The fight against childhood hunger grows larger year by year.

That fact was one of many revealed Tuesday in the 2014 Kids Count Data Book.

A group called the Annie E. Casey Foundation produces the study each year from piles of national and state data to show how topics like economic well-being, education, family and community, and health affect children.

According to the report, 7,581 students in Buchanan County were enrolled in free or reduced lunch programs in 2013 — an increase of nearly 100 over the previous year. The book included data from as far back as 2006, with the number of children on free or reduced lunch rising each of the past eight years. Bordering counties showed a similar trend, with the number in Clinton and Platte counties increasing every year since 2006 and Andrew County rising since 2008.

Second Harvest Community Food Bank helps families battle hunger in a 19-county region across Northwest Missouri and Northeast Kansas.

Aaron Smullin, director of marketing for Second Harvest, said the food bank uses programs like Backpack Buddies to help feed hungry children during the school year. In the summer, the job becomes more difficult.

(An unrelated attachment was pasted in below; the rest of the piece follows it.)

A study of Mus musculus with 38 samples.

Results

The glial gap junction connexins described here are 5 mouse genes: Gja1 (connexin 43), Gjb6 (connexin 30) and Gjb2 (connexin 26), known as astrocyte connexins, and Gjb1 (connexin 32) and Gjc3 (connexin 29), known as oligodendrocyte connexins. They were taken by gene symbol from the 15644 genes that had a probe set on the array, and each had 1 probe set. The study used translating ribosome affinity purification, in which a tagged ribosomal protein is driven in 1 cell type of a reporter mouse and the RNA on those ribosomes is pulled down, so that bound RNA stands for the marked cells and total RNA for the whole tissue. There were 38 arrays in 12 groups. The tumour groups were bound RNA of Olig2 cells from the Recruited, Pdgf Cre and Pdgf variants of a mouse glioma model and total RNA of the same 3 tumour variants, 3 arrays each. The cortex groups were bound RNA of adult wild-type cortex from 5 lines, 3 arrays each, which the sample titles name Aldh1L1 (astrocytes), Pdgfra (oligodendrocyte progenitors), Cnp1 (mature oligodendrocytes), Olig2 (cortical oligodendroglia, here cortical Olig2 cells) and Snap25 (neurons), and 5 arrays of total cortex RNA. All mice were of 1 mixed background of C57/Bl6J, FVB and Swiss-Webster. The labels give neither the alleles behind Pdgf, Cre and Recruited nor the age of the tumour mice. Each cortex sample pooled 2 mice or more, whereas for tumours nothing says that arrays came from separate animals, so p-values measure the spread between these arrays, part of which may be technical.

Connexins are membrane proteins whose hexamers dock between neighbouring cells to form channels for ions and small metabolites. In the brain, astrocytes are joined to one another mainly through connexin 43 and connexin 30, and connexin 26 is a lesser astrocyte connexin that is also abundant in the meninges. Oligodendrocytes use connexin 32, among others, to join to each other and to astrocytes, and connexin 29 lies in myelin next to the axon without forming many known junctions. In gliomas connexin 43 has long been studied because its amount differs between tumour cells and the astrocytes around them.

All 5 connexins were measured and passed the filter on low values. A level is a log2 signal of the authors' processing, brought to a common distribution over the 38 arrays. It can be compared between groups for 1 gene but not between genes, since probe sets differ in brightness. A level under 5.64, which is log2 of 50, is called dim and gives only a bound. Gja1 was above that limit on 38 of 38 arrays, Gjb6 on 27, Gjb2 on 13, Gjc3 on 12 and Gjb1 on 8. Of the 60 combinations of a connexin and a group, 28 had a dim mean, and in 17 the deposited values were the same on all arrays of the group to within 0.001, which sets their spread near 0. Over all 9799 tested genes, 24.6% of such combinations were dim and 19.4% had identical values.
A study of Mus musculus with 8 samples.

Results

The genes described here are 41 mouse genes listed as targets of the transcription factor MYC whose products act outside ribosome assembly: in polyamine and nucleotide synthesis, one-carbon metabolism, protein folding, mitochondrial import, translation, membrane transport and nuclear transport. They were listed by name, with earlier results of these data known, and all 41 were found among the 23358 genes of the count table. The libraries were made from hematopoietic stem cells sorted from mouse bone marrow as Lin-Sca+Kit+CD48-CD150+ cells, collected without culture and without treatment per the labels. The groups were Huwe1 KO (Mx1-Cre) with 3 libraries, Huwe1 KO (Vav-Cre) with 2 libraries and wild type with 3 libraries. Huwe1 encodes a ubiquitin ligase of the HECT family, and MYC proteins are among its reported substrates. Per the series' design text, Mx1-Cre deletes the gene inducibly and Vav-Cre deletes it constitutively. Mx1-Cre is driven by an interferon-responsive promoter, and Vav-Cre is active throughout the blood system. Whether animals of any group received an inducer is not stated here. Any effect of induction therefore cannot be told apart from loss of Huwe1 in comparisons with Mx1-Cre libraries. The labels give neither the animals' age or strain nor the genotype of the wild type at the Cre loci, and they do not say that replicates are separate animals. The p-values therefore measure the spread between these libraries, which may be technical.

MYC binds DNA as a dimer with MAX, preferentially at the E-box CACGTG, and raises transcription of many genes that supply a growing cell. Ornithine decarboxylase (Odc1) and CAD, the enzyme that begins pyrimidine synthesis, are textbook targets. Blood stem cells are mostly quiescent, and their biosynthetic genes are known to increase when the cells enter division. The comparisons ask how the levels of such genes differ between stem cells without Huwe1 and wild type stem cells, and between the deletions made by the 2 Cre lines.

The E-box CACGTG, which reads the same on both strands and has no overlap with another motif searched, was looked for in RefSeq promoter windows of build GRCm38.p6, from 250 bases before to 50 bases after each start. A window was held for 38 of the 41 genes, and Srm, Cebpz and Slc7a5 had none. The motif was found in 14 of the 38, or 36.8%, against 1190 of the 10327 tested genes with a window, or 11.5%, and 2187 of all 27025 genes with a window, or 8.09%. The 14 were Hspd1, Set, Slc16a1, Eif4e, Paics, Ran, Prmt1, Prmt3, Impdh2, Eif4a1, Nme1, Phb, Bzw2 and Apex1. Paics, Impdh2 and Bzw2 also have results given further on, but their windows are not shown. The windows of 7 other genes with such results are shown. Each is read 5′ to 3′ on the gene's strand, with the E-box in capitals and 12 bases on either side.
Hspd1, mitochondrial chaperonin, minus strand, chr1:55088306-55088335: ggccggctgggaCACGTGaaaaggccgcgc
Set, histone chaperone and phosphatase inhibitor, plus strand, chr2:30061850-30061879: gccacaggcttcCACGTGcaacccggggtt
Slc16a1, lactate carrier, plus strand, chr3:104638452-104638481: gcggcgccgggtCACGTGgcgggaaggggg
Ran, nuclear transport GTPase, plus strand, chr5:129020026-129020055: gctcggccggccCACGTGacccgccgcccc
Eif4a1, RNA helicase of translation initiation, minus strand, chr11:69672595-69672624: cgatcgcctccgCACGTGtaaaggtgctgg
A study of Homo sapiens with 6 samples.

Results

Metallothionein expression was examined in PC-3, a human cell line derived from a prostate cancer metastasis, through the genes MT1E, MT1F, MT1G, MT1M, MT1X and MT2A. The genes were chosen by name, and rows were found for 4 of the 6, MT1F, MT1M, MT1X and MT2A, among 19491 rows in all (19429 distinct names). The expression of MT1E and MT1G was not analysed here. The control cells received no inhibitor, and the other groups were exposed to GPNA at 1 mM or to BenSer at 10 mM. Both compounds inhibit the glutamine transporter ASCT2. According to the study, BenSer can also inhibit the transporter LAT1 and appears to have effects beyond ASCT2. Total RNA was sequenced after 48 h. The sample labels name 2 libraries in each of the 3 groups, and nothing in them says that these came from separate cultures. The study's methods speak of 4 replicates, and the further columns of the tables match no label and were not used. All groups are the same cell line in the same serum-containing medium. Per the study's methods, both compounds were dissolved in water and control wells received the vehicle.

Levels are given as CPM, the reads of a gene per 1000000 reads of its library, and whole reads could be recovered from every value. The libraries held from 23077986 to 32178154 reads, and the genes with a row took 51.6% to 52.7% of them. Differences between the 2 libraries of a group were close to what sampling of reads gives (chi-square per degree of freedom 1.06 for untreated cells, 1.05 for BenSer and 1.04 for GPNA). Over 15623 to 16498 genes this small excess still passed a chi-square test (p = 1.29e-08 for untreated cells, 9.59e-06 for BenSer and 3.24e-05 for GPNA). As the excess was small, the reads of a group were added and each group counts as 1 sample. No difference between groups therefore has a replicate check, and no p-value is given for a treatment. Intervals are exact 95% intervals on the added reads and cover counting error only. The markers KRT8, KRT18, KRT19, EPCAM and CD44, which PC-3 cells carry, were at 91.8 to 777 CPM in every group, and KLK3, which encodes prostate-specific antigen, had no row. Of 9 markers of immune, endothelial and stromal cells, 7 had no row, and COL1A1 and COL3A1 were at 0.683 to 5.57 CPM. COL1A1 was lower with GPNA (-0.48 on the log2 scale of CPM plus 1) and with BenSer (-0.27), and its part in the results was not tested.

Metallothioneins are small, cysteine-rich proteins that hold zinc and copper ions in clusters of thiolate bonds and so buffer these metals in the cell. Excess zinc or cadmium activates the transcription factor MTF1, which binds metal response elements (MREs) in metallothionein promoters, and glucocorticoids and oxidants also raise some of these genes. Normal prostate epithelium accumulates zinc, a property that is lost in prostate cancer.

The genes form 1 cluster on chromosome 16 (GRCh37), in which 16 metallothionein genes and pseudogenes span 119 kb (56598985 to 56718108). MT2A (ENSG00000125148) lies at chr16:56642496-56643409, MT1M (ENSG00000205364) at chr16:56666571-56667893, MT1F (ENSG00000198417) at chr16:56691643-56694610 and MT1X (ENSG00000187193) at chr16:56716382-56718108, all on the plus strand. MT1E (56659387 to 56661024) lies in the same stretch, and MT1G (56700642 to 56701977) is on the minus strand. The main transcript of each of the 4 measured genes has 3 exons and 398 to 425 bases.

“When the final school bell rings, those programs end,” Mr. Smullin said. “Unfortunately, hunger does not.”

Mr. Smullin said 21.3 percent of children in Second Harvest’s service area face food insecurity. Programs like the Stamp Out Hunger Food Drive in May and the Canned Film Festival each Tuesday at Regal Hollywood 10 help fill food pantry shelves throughout the region.

People interested in helping the pantry can get the most bang for their buck with monetary donations, according to Mr. Smullin. He said that while he does not wish to discourage people who donate food, Second Harvest can often buy items at a discounted rate.

“For the amount of money that may get you or I a few cans, (Second Harvest) may be able to go out and source a whole pallet of food,” Mr. Smullin said.

Clinton Thomas can be reached at Follow him on Twitter: @SJNPThomas.

(1) comment


How many of these hungry kids have parents who smoke? How many have cable TV and internet? How many have parents who drive new cars when an older one will do? I'd guess the majority.

Welcome to the discussion.

Keep it Clean. Please avoid obscene, vulgar, lewd, racist or sexually-oriented language.
Don't Threaten. Threats of harming another person will not be tolerated.
Be Truthful. Don't knowingly lie about anyone or anything.
Be Nice. No racism, sexism or any sort of -ism that is degrading to another person.
Be Proactive. Use the 'Report' link on each comment to let us know of abusive posts.
Share with Us. We'd love to hear eyewitness accounts, the history behind an article.